Friday, October 10, 2008
The Arch Narrative of Random Violence
A couple of days ago I promised to get back to the dominant narrative of random violence. There’s an important point here: The Dominant Narrative doesn’t have to be factual to affect the way people think and act. It only has to be true – that is, some significant group of people has to believe it.
Random violence is a very rare fact of life in any society in any time.
Read that sentence again.
At least two members of my own family have been victims of such crimes over the last two generations and all the statistical analysis in the world will not ease their (or my) suffering for it.
Still, that doesn’t make it a common occurrence, just one that gets reported: through the news media, anecdotes told at neighborhood gatherings, emails forwarded to “EVERYBODY YOU KNOW!”
Yet, we all believe it. I say “we” because I include myself in that statement. It’s part of who we are. That’s an arch dominant narrative.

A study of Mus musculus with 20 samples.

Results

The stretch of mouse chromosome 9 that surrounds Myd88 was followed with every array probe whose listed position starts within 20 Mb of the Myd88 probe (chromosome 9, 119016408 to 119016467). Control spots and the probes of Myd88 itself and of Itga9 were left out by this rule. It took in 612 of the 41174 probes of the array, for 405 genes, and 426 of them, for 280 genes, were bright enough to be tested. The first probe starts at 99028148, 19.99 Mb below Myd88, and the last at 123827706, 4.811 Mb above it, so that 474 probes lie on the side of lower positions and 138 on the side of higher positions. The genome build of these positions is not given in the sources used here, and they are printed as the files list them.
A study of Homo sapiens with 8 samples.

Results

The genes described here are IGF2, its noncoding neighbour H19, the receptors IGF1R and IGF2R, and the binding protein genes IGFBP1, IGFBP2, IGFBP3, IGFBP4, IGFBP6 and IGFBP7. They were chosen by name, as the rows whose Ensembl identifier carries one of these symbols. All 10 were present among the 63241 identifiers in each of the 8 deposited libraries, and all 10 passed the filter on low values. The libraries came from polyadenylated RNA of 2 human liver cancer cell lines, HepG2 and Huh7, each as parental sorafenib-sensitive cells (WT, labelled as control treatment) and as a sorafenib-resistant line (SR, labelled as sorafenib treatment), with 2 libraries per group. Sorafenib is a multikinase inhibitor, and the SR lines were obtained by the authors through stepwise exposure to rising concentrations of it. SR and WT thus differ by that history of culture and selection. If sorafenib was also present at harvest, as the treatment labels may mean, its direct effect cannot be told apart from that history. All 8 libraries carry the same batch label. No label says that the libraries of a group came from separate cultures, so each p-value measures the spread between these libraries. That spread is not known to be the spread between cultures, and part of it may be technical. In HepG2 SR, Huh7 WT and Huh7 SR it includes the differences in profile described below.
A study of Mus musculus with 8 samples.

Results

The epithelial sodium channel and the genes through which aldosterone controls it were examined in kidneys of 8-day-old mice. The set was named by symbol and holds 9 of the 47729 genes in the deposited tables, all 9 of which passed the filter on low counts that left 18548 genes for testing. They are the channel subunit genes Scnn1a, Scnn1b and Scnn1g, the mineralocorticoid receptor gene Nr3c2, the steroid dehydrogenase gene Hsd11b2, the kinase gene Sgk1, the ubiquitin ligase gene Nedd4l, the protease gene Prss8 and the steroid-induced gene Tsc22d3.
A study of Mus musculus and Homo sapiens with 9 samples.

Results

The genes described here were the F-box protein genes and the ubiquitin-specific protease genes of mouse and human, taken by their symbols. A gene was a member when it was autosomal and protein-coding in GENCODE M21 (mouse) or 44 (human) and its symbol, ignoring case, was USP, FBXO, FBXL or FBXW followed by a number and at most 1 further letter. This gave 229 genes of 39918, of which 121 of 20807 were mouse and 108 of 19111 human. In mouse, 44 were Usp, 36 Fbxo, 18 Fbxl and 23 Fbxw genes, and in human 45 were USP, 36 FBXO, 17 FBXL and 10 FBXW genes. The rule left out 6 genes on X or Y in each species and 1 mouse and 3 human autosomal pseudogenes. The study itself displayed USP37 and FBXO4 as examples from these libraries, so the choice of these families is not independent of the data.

Recently a friend who works in the justice system confirmed my suspicions regarding so-called home invasions. “Twenty years,” she said, “never seen one where they didn’t know each other.”
So why do these myths of random violence persist? Part of it has to do with legal restrictions. When a guy gets shot on his front porch or is found dead in a parking lot outside a night club, the cops may know he was a drug dealer, but it’s a bit awkward to say that about a recently deceased 19-year-old.
They’re coming for your women
Several weeks ago I received an email from a friend – insisting that I pass it along to my wife for her own safety – about a new gang initiation rite. It seems that “gang members” were being ordered to break into cars and minivans – at random – in the parking lots of local discount stores and then lay in wait to rape white women. Recipients were advised to avoid certain parking lots, park in well lighted areas, and check the back seats and cargo areas of their vehicles.
Good advice. Bad narrative.
Who were these gangs that want to harm white women? If they specifically target Caucasians, they must be something … other. Who are you afraid of?
Who is THEM?
What other arch narrative are we following?
Rule: Check Snopes before you believe anything.